Good market access offered on both sides, says UK on India FTA talks

The UK government has said that the Indian negotiators are in London this week to continue discussions with their British counterparts
Good market access offered on both sides, says UK on India FTA talks
Good market access offered on both sides, says UK on India FTA talks

New Delhi/London: There has been good market access offered on both sides but not enough to secure a free trade agreement (FTA), the UK government has said as Indian negotiators are in London this week to continue discussions with their British counterparts.

During a debate in the House of Lords this week, UK Foreign Secretary David Cameron was addressing questions from British peers on the current state of freedom of religion or belief in India.


“My understanding of where we are with the trade deal is that good market access has been offered on both sides, but not quite enough yet to secure a deal. It is important with such trade deals, as you only really get one proper shot at it, to make sure that it is a good enough deal that will be welcomed by industry leaders here in the UK as offering real market access,” said Lord Cameron.

It came as a team from India arrived in London to continue talks this week under the fourteenth round of FTA negotiations, which are aimed at significantly enhancing the GBP 38.1 billion bilateral partnership across different sectors.

Specifically referencing the point on media access, Lord Cameron said he would have to look into the details but his personal view was that “we should open up media access on both sides to make sure we have a good plurality of media”.

Earlier this month, the BBC confirmed the launch of Collective Newsroom as an independent entity which will create programmes and content for the BBC as its first client. Lord Purvis questioned this necessity for Britain's public broadcaster to operate in India unlike in any other country, alluding to "harassment and intimidation" by authorities.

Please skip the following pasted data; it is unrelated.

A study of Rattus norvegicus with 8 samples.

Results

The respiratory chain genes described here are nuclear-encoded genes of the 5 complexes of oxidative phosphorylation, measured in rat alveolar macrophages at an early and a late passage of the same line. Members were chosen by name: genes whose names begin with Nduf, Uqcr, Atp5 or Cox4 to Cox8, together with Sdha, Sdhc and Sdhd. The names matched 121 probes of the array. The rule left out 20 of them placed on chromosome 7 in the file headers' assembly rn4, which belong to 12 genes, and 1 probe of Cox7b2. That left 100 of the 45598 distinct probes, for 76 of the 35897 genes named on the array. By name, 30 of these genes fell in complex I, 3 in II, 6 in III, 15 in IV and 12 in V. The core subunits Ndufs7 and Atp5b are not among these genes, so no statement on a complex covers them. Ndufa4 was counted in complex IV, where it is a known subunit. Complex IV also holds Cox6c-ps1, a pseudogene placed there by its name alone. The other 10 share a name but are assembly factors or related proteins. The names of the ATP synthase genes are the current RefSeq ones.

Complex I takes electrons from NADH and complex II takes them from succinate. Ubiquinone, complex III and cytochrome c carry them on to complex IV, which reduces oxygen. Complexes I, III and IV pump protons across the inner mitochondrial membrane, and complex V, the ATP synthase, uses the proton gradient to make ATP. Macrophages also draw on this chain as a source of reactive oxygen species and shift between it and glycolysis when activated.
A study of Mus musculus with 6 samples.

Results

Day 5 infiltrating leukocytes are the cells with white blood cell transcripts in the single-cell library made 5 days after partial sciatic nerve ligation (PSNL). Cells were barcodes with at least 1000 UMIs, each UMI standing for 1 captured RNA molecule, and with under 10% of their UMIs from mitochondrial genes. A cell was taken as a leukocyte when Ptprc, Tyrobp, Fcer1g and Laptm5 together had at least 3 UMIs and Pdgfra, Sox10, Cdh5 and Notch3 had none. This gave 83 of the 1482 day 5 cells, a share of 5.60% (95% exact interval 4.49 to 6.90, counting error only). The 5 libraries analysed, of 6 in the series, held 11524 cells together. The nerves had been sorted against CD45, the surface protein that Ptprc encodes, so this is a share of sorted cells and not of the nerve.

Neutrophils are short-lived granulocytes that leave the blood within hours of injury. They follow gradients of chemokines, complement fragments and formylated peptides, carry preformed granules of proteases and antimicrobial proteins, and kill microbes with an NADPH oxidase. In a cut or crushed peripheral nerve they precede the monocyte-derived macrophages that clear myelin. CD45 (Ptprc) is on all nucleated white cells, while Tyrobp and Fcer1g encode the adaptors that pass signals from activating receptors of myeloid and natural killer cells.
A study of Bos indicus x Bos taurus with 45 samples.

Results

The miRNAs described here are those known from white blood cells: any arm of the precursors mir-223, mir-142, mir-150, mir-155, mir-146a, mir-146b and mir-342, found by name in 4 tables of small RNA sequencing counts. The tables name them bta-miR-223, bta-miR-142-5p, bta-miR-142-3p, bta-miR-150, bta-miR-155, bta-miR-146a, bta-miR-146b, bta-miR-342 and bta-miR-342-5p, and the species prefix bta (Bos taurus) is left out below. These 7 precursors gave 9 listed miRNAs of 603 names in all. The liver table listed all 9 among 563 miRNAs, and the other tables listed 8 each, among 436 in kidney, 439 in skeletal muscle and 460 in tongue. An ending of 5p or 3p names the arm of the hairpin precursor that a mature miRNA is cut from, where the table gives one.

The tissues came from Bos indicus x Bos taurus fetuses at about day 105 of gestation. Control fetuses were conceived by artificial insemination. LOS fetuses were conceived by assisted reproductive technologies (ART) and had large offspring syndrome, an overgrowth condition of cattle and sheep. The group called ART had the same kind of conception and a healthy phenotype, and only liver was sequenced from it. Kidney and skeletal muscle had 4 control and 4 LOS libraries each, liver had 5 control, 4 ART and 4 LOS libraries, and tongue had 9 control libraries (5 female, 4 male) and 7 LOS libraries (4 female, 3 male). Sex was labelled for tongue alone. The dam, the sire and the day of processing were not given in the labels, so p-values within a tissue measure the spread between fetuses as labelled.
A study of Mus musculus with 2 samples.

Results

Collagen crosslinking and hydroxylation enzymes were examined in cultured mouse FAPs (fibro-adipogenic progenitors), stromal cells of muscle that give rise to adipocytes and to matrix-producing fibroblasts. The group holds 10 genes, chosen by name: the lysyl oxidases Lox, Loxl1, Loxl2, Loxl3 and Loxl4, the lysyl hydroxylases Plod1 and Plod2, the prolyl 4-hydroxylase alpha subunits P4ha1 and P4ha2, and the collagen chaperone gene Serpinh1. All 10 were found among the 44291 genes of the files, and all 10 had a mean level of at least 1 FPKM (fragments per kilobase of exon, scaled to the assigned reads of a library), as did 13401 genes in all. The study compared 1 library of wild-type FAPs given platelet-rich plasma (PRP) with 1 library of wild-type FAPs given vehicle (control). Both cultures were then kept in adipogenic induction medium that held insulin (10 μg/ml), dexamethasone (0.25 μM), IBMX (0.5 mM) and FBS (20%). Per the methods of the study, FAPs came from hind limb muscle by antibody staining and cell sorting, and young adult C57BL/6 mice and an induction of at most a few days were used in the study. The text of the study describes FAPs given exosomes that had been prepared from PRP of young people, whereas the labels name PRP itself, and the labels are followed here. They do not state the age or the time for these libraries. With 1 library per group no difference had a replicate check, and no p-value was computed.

“My understanding is that India passed a law insisting that digital media companies had to be Indian-owned, and the BBC has had to restructure on that basis,” Cameron said, noting that this was “not the British way”.

"Nonetheless, that is the reason why the BBC has restructured, together with some disagreements with India," he said.

Lord Purvis opened his question by referencing the Indian general election, the first phase of which gets underway on Friday, to describe them as a positive for the whole world.

Cameron agreed with his characterisation of the “rumbustious nature of Indian democracy”: “India should be proud of being the biggest democracy in the world. As with all democracies, there are imperfections — as there are in our own country. We should celebrate the scale of India’s democracy.”

Cameron opened the topic in the Upper House of the UK Parliament by laying out that India is a multifaith, multiethnic democracy and among the most religiously diverse societies in the world – home to 966 million Hindus, 172 million Muslims, 28 million Christians, 20 million Sikhs, 8 million Buddhists and 4.5 million Jains.

“India is committed via its Constitution to freedom of religion and belief. Where specific issues or concerns arise, the UK government of course raise these directly with the government of India,” he stated.

Several peers, including British Sikh peer Indrajit Singh, raised concerns about freedom of religion and belief in India and highlighted the violence in Manipur as among the disturbing violations in this sphere.

“It is right to say that we should not downplay the religious aspects of some of this strife [in Manipur]. Sometimes it is communal, tribal or ethnic, but in many cases, there is a clear religious part of it. We should be clear about that,” Cameron responded.